Food, Beer & Buffoonery - Hops

New Food, Straight From the Farm

So, we just started getting weekly vegetables (and some fruits) from Two Small Farms. Two Small Farms is a collaboration between High Ground Organics and Mariquita Farm located in Watsonville and Hollister respectively. They are one of the several Community Supported Agriculture (CSA) programs in the area. They had a pickup point near us, so we thought we’d give them a try.

CSA VegetablesToday we picked up our first batch of veggies (we also opted to get weekly flowers too, for a few extra dollars. Why not?). In the bag we brought home were bundles of Erbette Chard, Spigariello Greens, Chantenay Carrots, Agretti, French Breakfast Radishes, Fennel, a few Leeks and some Sweet Dumpling Squash. All organically grown at a nearby farm. There’s just something nice about knowing where your food comes from — and supporting the “little guys”.

The batch of vegetables came with a few recipes than can be made with this week’s selection. The roasted fennel recipe sounds good. You just slice the fennel bulbs lengthwise, toss with olive oil, salt and pepper and bake at 425°F for 25-30 minutes. Though, I think I’ll spice this up a bit, tossing with some crushed garlic and parsley as well. Wondering what I could do with the fennel leaves, I consulted an Italian cookbook I have and found a recipe for a fennel cream sauce. Cook up some pasta and we’ll be set. Although I’d like to round out that meal by maybe roasting some carrots with the fennel bulbs.

Another item is the box was Spigarielo, also known as “leaf broccoli”. I think I’ve only had this once or twice, but it does have that broccoli flavor, so I’m thinking maybe a Thai Red Curry might make good use of this.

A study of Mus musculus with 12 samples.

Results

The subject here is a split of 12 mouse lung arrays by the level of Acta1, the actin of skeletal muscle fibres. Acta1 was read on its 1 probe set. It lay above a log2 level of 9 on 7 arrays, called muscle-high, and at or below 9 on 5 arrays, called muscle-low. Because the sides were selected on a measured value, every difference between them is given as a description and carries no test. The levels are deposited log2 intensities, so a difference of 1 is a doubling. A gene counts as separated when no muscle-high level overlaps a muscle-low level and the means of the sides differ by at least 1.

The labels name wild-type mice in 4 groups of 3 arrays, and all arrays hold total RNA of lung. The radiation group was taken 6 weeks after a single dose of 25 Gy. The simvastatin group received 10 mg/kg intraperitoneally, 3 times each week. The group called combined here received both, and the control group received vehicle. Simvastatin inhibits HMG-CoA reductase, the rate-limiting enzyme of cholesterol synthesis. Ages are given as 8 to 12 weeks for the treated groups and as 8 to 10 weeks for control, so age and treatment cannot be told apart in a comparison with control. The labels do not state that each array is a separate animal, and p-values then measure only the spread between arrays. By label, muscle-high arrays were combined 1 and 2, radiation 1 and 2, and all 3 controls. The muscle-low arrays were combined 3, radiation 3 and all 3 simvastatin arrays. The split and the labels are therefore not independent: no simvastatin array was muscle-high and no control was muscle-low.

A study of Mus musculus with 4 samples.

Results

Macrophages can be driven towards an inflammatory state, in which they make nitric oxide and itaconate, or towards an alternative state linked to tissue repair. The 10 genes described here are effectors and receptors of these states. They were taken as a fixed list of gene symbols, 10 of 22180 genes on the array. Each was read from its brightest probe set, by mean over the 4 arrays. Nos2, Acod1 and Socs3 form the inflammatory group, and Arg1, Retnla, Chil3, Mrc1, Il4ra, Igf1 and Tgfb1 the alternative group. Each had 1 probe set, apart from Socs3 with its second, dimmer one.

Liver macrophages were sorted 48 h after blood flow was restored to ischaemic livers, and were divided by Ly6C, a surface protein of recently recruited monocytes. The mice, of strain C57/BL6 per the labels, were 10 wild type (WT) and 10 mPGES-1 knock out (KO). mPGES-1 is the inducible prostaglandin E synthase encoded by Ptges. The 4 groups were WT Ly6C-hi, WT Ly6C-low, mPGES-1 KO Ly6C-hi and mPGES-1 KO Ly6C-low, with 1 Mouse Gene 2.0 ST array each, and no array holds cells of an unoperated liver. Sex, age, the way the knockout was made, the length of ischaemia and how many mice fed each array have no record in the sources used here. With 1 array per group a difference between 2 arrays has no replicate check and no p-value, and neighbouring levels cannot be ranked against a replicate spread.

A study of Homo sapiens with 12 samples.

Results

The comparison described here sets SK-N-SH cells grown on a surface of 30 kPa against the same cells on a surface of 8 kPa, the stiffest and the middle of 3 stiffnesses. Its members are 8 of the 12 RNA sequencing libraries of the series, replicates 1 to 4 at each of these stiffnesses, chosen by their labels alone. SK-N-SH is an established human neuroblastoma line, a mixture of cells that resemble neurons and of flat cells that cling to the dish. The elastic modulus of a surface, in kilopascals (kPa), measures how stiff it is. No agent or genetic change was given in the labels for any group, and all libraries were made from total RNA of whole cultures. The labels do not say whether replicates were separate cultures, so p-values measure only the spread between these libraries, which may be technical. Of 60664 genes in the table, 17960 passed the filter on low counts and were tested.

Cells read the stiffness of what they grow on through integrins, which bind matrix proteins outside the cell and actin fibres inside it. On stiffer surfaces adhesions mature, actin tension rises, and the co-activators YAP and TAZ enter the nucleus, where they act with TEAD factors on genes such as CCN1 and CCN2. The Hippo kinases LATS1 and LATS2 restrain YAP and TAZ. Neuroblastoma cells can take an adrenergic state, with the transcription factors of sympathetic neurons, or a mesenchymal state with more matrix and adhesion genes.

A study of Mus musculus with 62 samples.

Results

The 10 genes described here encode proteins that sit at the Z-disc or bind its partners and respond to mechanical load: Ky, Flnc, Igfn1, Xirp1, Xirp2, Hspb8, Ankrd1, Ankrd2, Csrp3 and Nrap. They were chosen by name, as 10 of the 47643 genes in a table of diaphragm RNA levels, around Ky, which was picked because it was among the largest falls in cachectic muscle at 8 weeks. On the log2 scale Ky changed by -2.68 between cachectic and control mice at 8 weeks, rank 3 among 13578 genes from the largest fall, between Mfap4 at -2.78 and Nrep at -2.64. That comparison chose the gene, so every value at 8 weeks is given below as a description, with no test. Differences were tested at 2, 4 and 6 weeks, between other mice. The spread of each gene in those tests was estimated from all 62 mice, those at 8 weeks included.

Getting a new bunch of “surprise” vegetables and fruits in each week should be an excellent challenge. I’m always trying out new recipes, but I always start with the recipe first and only then look for the food I need. Flowers CSANow I’m getting the food first… Which perhaps, is how it should be. Everything I’ll be making is fresh, local, and in season. And I’ll be getting some new and exotic vegetables, creating a culinary challenge. I can’t complain.

There are similar CSA programs all over the United States, and elsewhere. The USDA has a few links to help you find a CSA program in your area. But I imagine a quick internet search of “CSA ‘Your City Name'” would come up with some options as well. And if you need additional convincing in order to give your local CSA a try, Two Small Farms has posted a list of 10 reasons to buy local food.

The start of our Community Supported Agriculture pickups is quite fitting, as I am (coincidentally) currently reading a book that’s all about where your food comes from, Michael Pollan’s “The Omnivore’s Dilemma: A Natural History of Four Meals”. It’s quite a good book, so I highly recommend it!